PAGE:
May 20. 2024. 11:55


The negotiations that led to the European Commission brokering the controversial COVID-19 vaccine contracts with pharmaceutical giant Pfizer remain “a business secret”, the chairman of Pfizer France told French Senators during a hearing on Wednesday (29 March).

Following the questioning of Pfizer in Brussels – where efforts to shed light on the contracts have been going on for nearly two years – it was the turn of the French Senate to grill Pfizer over the content of the COVID-19 vaccine contracts it signed with the European Commission at the start of the pandemic.

On Wednesday afternoon, Pfizer France head Reda Guiha was questioned by the Senate’s committee of enquiry into drug shortages, chaired by Sonia de la Provôté (Union Centriste group), with questions put forward by rapporteur Laurence Cohen of the Communist Party.

Following revelations by the New York Times in April 2021, European Commission President Ursula von der Leyen and Pfizer CEO Albert Bourla are believed to have negotiated a contract involving 1.8 billion COVID-19 doses over phone texts.

Other contracts between Pfizer and the EU, while accessible to EU parliamentarians, are also being criticised for being heavily redacted.

“Why were the contracts that were signed with Pfizer and the European Commission not made public, especially the 1.8 billion dose contract?” Cohen asked Guiha.

In response, Guiha said the contracts were discussed between Pfizer’s parent company and the European Commission.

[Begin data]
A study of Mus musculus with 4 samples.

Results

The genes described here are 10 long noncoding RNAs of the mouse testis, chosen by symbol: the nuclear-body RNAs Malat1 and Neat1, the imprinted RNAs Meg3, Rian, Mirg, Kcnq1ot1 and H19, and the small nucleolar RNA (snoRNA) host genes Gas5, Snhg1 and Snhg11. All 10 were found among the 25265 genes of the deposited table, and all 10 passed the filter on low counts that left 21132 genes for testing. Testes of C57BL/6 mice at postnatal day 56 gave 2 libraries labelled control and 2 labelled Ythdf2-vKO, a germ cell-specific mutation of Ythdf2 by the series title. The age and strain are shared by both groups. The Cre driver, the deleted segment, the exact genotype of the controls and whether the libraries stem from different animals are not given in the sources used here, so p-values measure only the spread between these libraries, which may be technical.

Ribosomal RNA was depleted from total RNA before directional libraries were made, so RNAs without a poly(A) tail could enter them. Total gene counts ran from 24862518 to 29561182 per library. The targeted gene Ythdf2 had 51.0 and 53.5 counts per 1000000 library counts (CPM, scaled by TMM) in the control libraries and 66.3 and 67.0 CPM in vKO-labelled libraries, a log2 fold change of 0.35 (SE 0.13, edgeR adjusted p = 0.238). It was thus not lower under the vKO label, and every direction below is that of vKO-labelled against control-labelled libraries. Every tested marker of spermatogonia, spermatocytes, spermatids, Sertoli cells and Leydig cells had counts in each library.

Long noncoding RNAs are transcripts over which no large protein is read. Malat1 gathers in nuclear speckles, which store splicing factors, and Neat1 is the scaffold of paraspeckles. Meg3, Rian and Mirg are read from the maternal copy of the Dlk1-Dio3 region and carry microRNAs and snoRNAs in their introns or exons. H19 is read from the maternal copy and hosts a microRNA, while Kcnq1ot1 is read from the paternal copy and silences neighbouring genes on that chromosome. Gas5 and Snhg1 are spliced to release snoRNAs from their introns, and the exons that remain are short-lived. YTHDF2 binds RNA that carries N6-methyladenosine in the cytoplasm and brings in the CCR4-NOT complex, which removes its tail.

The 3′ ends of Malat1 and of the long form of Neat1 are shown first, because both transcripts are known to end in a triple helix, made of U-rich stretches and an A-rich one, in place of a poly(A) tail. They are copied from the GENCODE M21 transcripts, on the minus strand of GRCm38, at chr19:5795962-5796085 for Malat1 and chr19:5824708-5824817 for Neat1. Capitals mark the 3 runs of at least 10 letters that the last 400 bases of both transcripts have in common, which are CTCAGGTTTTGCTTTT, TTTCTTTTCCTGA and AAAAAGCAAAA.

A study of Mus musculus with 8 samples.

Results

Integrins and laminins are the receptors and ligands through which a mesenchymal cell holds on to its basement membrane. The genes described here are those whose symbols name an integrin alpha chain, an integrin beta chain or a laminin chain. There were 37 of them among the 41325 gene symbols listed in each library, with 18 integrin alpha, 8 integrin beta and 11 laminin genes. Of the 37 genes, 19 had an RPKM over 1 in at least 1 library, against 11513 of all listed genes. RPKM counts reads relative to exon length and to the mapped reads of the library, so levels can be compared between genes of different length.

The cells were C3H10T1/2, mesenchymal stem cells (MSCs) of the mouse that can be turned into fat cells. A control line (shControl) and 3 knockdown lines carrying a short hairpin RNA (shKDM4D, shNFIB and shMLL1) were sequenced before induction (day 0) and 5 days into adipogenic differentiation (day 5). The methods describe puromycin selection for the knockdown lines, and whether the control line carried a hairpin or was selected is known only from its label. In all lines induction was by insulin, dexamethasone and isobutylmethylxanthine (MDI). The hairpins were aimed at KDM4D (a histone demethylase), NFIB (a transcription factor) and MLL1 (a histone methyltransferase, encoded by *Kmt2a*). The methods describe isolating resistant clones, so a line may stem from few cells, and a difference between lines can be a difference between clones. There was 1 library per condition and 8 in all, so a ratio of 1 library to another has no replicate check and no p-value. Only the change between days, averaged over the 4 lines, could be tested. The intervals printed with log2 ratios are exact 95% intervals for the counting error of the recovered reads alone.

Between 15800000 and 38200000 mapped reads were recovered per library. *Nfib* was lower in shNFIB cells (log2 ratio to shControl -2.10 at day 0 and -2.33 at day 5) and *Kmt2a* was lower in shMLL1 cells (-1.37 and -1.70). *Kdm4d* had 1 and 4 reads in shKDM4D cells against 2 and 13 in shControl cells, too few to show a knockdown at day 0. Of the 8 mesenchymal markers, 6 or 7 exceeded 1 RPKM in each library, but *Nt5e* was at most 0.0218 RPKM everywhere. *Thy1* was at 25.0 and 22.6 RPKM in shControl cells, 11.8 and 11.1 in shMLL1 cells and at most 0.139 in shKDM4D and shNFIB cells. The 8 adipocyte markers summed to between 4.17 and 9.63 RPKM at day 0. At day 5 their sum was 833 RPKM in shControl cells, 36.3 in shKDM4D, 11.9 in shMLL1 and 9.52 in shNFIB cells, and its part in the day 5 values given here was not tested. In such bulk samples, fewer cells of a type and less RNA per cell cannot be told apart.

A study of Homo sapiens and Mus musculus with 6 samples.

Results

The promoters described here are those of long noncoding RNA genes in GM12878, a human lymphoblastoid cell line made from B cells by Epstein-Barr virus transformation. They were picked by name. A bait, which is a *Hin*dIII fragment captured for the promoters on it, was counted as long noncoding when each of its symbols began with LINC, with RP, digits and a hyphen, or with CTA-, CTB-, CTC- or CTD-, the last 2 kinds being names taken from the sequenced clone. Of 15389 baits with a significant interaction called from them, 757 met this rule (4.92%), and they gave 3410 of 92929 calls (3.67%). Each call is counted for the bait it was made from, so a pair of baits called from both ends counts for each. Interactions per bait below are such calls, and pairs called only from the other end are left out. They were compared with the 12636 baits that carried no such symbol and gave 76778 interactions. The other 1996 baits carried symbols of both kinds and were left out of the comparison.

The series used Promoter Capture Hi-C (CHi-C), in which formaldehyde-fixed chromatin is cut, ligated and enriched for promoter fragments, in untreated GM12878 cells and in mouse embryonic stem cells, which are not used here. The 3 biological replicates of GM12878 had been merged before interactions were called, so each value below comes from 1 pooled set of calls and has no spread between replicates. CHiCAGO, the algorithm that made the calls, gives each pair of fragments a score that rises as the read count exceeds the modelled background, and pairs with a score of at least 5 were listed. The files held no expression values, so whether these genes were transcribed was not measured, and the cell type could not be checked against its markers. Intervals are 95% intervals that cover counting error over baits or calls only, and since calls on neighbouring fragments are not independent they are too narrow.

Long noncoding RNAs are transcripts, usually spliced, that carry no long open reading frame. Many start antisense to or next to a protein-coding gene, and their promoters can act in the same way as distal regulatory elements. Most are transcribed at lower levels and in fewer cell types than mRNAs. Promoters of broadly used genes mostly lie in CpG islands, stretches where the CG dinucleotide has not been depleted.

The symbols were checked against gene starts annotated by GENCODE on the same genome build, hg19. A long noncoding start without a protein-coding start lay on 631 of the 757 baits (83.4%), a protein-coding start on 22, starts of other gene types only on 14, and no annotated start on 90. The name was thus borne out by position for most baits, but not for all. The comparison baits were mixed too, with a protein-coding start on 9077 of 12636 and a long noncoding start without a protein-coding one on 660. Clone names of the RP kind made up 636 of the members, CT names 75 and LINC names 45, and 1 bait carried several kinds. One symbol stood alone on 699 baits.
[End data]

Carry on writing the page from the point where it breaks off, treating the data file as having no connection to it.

“This part is really a business secret. This is the rule we have put in place,” he said.

Guiha did not reveal more to the senators as discussions continued on the price of vaccines, the management of drug shortages, and innovation.

Cohen said that making the contracts more transparent “would help improve public confidence because there are strong doubts”, but he also praised Pfizer for a vaccine that has saved “many people”.

New York Times takes EU Commission to court over ‘Pfizergate’ affair

The New York Times is suing the European Commission for failing to make public the text messages exchanged between Commission President Ursula von der Leyen and the CEO of pharmaceutical giant Pfizer during the COVID-19 pandemic.

Von der Leyen ‘never involved in negotiations’

In Brussels, the fight to shed more light on the contracts has been raging for almost two years.

The European Parliament’s special COVI committee – tasked with overseeing lessons learned from the pandemic and making recommendations for the future – held a hearing with EU Health Commissioner Stella Kyriakides on Monday.

Kyriakides insisted that von der Leyen had played no role in negotiating the vaccine contracts.

“The Commission president was not involved in any contract negotiations. I have said it before and I will say it again,” said Kyriakides, who faced many questions from MEPs on the subject.

Kyriakides recalled that all contracts with Pfizer, as well as with other pharmaceutical companies, had gone through the proper legislative process.

“There was a joint negotiating team and a steering committee,” she said.

The steering committee is responsible for granting a negotiating mandate to the negotiating team, which is composed of representatives of both the Commission and the member states.

“The member states have always had the possibility of rejecting a contract […] They were perfectly aware of the conditions of the contracts,” the Commissioner also said.

Commissioner: Von der Leyen not involved in vaccine contract talks

EU Health Commissioner Stella Kyriakides insisted EU executive chief Ursula von der Leyen did not have any role whatsoever in negotiating COVID vaccine contracts, during a heated hearing before the European Parliament’s Special Committee on COVID-19 on Monday (27 March).